Just not sure how it fits into the grand scheme of online marketing. A lot of the social web seems dominated by other marketers but not necessarily by the consumers we're hoping to attract to our products and services. Of course, that's not to discount the importance of b2b networking.

Hi Karri!

Here's my "strategy". First off, I'm real noisy on twitter, especially when I'm at a conference, I tweet them live. When I'm back home I try to keep it down but still manage 10-20 a day.
  • I try to be funny at least once a day.
  • I try to connect with someone personally at least once a day. (@whatever, offering a smile, shoulder or some kind of emotional support.)
  • I try and share something new at least twice a week that I did not write/podcast/create.
  • I try to pass on at least one request for help a week. This is hard because I have to know the person first or I won't pass it on.
  • I try to move conversations into DM, IM or Skype. (I don't always succeed)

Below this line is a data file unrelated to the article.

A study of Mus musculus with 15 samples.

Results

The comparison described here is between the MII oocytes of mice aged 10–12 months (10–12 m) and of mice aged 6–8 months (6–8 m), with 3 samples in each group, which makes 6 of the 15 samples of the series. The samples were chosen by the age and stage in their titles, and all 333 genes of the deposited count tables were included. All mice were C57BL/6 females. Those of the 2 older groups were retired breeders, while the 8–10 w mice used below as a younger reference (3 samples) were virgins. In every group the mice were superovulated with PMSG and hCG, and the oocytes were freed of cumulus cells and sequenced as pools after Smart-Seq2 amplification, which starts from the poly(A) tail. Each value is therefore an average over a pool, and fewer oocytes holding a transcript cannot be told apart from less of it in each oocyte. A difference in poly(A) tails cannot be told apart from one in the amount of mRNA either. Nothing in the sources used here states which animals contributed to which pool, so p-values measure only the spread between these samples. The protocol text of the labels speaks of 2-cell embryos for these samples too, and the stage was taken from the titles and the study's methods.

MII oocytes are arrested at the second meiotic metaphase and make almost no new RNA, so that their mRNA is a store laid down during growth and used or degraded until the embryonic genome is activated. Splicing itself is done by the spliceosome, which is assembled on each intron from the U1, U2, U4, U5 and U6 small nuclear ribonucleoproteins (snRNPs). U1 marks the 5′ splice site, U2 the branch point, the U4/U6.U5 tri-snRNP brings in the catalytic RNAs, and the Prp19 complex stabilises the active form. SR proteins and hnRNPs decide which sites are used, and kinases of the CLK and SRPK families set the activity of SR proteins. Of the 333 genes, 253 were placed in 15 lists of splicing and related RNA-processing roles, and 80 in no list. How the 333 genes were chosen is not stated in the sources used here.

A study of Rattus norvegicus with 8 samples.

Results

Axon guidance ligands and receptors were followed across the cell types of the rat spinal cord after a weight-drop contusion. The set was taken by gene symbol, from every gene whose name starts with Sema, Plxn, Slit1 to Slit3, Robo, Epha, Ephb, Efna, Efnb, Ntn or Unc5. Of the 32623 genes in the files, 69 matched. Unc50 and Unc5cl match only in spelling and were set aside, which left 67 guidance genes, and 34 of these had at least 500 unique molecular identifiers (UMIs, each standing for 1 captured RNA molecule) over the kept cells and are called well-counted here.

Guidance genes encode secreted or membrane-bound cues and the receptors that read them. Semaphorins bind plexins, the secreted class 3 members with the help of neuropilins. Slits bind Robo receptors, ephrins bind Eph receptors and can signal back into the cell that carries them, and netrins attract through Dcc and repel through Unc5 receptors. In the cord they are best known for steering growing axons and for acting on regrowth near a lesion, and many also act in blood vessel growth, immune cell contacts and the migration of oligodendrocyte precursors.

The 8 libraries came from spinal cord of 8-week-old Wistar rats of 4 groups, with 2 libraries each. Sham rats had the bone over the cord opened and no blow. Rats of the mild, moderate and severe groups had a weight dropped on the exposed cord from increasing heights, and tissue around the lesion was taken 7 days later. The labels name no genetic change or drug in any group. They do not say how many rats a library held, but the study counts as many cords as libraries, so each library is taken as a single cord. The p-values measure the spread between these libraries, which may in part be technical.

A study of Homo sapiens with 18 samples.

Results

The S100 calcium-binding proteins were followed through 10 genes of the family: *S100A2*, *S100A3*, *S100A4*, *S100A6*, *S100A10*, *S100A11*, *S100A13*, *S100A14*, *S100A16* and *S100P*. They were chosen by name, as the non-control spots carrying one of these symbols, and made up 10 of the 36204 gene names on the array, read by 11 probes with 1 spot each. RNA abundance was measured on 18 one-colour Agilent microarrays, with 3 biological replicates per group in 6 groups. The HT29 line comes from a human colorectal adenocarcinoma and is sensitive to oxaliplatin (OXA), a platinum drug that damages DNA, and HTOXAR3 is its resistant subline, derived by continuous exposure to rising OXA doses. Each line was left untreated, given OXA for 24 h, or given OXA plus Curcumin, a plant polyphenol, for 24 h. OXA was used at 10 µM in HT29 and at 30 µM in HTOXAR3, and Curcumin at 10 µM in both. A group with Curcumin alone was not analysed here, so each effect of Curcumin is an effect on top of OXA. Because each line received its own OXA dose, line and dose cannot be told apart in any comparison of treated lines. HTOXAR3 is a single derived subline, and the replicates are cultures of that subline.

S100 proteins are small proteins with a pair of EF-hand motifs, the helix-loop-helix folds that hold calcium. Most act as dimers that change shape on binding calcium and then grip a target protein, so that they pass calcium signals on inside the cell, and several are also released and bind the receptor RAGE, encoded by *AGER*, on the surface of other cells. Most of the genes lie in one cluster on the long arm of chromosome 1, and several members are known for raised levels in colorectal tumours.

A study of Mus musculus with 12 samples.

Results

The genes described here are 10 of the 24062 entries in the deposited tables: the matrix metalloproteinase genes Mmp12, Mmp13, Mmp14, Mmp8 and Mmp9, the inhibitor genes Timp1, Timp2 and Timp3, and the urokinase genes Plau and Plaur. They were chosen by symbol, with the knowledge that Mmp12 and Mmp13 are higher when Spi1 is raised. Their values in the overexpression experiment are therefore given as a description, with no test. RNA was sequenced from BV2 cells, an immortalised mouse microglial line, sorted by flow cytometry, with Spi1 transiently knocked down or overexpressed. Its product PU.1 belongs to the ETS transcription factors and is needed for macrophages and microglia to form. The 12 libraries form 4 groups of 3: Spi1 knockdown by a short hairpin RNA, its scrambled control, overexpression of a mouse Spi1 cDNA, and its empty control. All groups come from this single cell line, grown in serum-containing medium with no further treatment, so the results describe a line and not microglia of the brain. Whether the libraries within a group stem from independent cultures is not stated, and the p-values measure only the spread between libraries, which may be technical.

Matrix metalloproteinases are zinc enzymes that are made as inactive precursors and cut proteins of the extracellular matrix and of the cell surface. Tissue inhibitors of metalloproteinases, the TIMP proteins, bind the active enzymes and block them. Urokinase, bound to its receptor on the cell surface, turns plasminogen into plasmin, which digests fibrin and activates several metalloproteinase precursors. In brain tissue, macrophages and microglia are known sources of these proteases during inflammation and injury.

• I try to keep my own material posts sporadic. I usually only blog once a week, some weeks twice. When I do, a plugin posts on my behalf the title and the for the post.

In no way to I pretend to be an expert but what I have found through my own experience is that people respect the fact that you say a lot, if you have something to say.

Keeping my own posts to a minimum tends to lend them weight. As it is, posting on twitter usually results in a 50% increase in page views on any given blog post.

None of these are hard and fast rules. I'm also still looking for new ways to mine twitter for data. (There is a LOT of it in there, you just have to have a big-old drill to get to it.)

Anyone else have any guidelines they use for twitter?